So remember when I said that I don't like anything that breathes and isn't human? Well... I guess fate decided to put me to the test.
A few days after I returned from the wonderful scenery in Magaliesburg, I was asked to accompany a couple of my colleagues on a scouting expedition in the Hartebeespoort Dam area - which, incidentally, lies south of the Magaliesburg mountain range and is about an hour away from Johannesburg.
Now, I initially didn't want to go... I thought it would be a boring tedious day trying to find the perfect location... but after some gentle persuasion, I eventually figured that anything would be better than being stuck in the office all day. And so we were off into yonder...
We got there in what felt like no time at all and I instantly perked up.
After breakfast and wandering about from place to place, we found ourselves at the Monkey Sanctuary. I'm still not sure whose bright idea it was, but apparently they had great facilities for holding conferences and events, and my animal-loving colleagues were keen on checking it out.
The Monkey Sanctuary is a natural environment that focuses on rehabilitating captured and trained monkeys by reintroducing them to a more "natural" habitat. Basically, they want to decondition and de-tame these monkeys that were once held in captivity and allow them to be their natural selves while allowing humans to view them in their natural environment. These monkeys have been sanitized i.e. they are free from diseases etc.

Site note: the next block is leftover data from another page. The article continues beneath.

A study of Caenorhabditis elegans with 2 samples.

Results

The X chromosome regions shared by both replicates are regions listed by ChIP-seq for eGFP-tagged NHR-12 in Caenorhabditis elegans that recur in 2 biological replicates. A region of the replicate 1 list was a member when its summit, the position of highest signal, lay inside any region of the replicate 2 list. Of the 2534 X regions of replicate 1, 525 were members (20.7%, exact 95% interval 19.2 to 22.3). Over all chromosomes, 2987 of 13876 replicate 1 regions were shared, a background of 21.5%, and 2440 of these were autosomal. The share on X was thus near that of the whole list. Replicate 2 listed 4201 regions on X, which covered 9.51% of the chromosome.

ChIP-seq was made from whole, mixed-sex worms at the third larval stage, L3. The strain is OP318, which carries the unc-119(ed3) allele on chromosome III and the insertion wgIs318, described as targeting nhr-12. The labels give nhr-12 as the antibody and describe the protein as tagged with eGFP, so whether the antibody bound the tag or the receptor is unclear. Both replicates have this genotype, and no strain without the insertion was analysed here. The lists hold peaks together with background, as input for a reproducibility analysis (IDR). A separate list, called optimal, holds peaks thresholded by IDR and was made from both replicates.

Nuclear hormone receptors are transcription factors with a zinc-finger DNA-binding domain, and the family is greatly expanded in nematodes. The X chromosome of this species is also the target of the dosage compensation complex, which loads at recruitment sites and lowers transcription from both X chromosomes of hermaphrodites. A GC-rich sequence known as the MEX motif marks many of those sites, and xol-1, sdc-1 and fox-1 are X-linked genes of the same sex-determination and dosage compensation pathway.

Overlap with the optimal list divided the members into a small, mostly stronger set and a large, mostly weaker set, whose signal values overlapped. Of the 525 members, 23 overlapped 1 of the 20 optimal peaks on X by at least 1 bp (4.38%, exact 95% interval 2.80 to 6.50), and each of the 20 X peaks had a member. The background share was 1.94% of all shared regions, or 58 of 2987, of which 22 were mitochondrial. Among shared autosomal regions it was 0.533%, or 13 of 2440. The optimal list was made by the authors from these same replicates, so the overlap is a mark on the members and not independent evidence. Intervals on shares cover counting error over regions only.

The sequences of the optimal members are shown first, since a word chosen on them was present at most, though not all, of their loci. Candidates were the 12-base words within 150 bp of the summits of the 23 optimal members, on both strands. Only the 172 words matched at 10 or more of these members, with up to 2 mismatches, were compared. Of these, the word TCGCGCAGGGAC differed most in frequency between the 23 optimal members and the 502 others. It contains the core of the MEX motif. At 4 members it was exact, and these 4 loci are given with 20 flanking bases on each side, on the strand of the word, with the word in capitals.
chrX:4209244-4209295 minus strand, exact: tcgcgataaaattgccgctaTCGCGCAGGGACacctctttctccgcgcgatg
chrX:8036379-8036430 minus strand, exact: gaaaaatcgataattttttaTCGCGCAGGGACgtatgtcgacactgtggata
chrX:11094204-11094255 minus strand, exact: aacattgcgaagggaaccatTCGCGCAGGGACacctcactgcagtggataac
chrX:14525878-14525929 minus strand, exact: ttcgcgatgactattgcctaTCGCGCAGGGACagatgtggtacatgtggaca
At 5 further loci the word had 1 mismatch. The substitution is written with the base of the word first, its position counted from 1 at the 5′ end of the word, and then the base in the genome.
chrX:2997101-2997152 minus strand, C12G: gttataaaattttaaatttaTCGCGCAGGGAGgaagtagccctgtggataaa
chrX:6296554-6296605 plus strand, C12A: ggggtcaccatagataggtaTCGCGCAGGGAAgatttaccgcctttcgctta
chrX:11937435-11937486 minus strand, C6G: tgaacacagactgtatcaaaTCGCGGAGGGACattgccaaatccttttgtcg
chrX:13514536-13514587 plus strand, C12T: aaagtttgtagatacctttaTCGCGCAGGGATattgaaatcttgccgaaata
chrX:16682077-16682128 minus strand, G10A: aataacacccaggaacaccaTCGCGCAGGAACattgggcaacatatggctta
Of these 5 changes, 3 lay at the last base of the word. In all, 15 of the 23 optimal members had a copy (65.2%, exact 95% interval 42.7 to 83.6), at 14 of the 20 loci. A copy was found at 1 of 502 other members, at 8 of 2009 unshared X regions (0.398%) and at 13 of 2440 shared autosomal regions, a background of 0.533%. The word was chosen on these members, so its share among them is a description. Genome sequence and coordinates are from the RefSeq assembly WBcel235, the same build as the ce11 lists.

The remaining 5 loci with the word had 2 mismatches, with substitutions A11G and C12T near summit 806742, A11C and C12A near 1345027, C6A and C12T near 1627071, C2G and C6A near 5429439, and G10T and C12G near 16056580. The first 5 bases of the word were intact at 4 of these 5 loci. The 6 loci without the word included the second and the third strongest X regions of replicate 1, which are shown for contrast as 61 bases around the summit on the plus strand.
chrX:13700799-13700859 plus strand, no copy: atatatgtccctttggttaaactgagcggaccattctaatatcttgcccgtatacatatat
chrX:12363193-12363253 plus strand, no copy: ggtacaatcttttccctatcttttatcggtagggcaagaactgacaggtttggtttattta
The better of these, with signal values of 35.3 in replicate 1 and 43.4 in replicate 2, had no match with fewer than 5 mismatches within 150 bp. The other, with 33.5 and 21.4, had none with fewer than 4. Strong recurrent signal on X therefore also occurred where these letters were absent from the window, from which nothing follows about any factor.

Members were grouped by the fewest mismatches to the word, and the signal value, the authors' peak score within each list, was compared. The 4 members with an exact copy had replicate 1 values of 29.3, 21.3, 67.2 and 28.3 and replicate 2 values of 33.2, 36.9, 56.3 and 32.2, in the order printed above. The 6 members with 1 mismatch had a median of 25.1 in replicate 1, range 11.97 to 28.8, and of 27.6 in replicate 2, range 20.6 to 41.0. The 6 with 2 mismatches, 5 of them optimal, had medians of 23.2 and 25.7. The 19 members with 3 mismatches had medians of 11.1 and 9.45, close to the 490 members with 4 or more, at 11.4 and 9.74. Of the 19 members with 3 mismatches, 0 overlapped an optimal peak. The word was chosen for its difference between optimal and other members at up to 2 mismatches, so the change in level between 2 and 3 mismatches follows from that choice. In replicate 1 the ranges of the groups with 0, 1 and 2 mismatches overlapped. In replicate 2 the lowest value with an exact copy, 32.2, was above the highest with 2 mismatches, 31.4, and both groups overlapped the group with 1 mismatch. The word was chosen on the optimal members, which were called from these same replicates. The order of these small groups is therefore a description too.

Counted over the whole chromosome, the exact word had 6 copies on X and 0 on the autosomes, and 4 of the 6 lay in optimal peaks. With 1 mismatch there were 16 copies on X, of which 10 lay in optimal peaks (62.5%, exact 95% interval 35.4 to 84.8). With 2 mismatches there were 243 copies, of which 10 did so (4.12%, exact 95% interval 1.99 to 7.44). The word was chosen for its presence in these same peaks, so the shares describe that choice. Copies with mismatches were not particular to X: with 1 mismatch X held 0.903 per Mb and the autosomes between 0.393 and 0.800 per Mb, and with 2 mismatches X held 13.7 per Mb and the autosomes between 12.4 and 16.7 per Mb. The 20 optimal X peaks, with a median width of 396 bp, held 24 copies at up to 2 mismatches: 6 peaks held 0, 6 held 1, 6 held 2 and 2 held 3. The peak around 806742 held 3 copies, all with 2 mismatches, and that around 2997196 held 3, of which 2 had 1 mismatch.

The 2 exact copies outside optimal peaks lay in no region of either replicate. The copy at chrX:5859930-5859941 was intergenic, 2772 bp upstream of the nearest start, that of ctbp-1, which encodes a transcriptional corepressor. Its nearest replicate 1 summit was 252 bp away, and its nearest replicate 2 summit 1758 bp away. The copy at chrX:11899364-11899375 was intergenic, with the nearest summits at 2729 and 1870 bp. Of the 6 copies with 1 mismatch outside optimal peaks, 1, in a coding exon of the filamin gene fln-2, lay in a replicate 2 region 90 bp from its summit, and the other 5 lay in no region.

I reluctantly acquiesced to a tour of the Sanctuary - actually I was bullied into it - and was told to leave all my possessions in a locker (including my phone, earrings, bag etc.) because there was a particular group of monkeys that liked to ransack the visitors, liberating them of their valuables.
It didn't take long for one of them, the leader, to climb onto my colleague, put his hand in one of her pockets, and remove her lipgloss - because monkeys want to be pretty too. And then, in good time, another one of the more affectionate primates decided to get up close and personal with another one of my colleagues and they cuddled for a bit - she was surprisingly calm.
He didn't even call afterwards...
Sufficiently freaked out, I kept my distance from any and all kinds of primates...but they weren't going to make it that easy for me. I ended up having to cross swaying bridges in an attempt not to be cuddled.
After our tour of the facilities at the Monkey Sanctuary, we made our way to the cable cars on the other side of the mountain, in an attempt to get to the top... which of course, is always more romantic in theory than in reality. As someone who's afraid of heights - and vertigo even more - one look at the cable car gave birth to butterflies in my tummy and produced the sudden urge to throw up. But lunch was being served at the restaurant at the top, so hunger quickly trumped fear.
With closed eyes, I braved the journey. And getting to the top proved to be more than just worth it. Suddenly, all was right with the world again.
I stood there for a good few minutes... contemplating life...thinking about how the other half live in their boats and yachts dotted on the water while the rest of us slave away in air-conditioned offices. Not even the thought of being a corporate drone could put a damper on this. And we eventually moved along the path around the mountain.
And then we spent a good few hours during and after lunch, enjoying the view.
And just like that, I was glad and grateful for the opportunity to be there. That's life - one never knows what lies ahead. It's always a surprise. Yeah it was a good week... and not even my car accident a few days later (on Saturday) would change that.